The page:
SAMUEL CONWILL A/K/A SAMUEL B. CONWILL A/K/A SAMUEL BRENT CONWILL APPELLANT
STATE OF MISSISSIPPI APPELLEE
OF JUDGMENT: 01/21/2016
COUNTY CIRCUIT COURT HON. LEE J. HOWARD JUDGE
ATTORNEY FOR APPELLANT: SAMUEL CONWILL (PRO SE)
ATTORNEY FOR APPELLEE: OFFICE OF THE ATTORNEY GENERAL BY:
ALICIA MARIE AINSWORTH
IRVING, P.J., BARNES AND WESTBROOKS, JJ.
Samuel Conwill appeals the dismissal of his petition for
postconviction relief (PCR) in the Clay County Circuit Court.
Finding no error, we affirm.
AND PROCEDURAL HISTORY
2. Conwill was indicted on one count of possession of
methamphetamine precursors and one count of possession of
methamphetamine. Conwill pled guilty to possession of
methamphetamine in exchange for the State retiring the
possession-of-precursors count. Following his conviction and
sentence, Conwill filed a motion to correct the Mississippi
Department of Correction's record of a parole to a
detainer, as to another charge and another sentence. The
trial court dismissed that motion. Conwill subsequently filed
a petition to "vacate [the] illegal sentence." The
trial court dismissed that petition. Conwill then filed a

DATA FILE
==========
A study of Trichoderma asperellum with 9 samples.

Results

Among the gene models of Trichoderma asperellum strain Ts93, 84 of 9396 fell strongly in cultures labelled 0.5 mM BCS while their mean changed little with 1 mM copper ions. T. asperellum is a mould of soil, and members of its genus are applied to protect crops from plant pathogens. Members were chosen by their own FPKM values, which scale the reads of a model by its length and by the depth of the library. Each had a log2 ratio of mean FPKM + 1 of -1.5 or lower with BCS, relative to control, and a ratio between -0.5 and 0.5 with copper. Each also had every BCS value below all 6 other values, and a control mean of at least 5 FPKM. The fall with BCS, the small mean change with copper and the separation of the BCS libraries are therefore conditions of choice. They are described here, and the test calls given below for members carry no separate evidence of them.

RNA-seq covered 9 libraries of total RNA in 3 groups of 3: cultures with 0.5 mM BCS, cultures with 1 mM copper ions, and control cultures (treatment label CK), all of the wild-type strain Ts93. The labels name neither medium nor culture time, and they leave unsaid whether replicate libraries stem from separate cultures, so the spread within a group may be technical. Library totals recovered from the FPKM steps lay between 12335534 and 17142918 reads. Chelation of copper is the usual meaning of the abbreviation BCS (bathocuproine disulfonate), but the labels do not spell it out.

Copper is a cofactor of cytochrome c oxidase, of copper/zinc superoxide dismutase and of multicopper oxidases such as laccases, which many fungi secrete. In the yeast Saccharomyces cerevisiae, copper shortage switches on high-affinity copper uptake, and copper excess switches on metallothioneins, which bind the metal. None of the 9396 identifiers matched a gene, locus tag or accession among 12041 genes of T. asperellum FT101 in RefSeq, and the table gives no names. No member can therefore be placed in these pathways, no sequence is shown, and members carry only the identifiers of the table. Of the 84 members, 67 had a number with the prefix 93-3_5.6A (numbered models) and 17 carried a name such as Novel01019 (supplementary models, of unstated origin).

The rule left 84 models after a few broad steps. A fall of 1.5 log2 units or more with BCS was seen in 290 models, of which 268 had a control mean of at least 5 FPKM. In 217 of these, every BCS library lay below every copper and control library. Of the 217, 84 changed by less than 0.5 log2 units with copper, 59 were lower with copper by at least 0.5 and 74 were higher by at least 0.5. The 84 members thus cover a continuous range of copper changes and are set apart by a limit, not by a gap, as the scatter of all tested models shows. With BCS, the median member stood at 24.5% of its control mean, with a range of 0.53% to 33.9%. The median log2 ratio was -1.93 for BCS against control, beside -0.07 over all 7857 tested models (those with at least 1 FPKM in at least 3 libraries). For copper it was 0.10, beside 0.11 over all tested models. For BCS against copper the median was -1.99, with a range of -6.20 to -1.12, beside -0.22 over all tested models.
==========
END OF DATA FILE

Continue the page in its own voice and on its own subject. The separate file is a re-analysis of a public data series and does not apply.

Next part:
motion to appeal out-of-time and his notice of appeal. The
trial court granted his motion to appeal out-of-time.
On appeal, Conwill argues that he was denied due process and
the right to confrontation. He claims that during his
sentencing hearing, the records of his previous convictions,
known as "pen packs, " were admitted into evidence
without foundational testimony to certify their accuracy. He
asserts that the admission of the pen packs was reversible
error. We find this argument to be without merit.
"Circuit courts may summarily dismiss a PCR motion
'if it plainly appears from the face of the motion, any
annexed exhibits[, ] and the prior proceedings in the case
that the movant is not entitled to any relief.'"
Dixon v. State, 52 So.3d 1254, 1254 (¶2) (Miss.
Ct. App. 2011) (quoting Robinson v. State, 19 So.3d
140, 141-42 (¶6) (Miss. Ct. App. 2009)). In reviewing
the circuit court's dismissal of a PCR motion, the
circuit court's factual findings will not be disturbed
unless clearly erroneous. Mann v. State, 2 So.3d
743, 745 (¶5) (Miss. Ct. App. 2009).
At Conwill's guilty-plea hearing, the State moved to
amend the indictment to reflect Conwill's habitual
offender status and entered the pen packs into evidence as
proof of his status as a habitual offender. Conwill's
trial counsel did not object to the motion, and the trial
court granted the State's motion to amend. During the
hearing, Conwill's trial counsel stated that Conwill was
aware that the indictment could be amended any time prior to
trial and did not contest the amendment, because the habitual
offender stipulation was part of the plea agreement.
"When an accused fails to object to the habitual
offender issue during the sentencing phase, he is
procedurally barred to do so the first time on appeal."
Reed v. State, 180 So.3d 755, 756 (¶4) (Miss.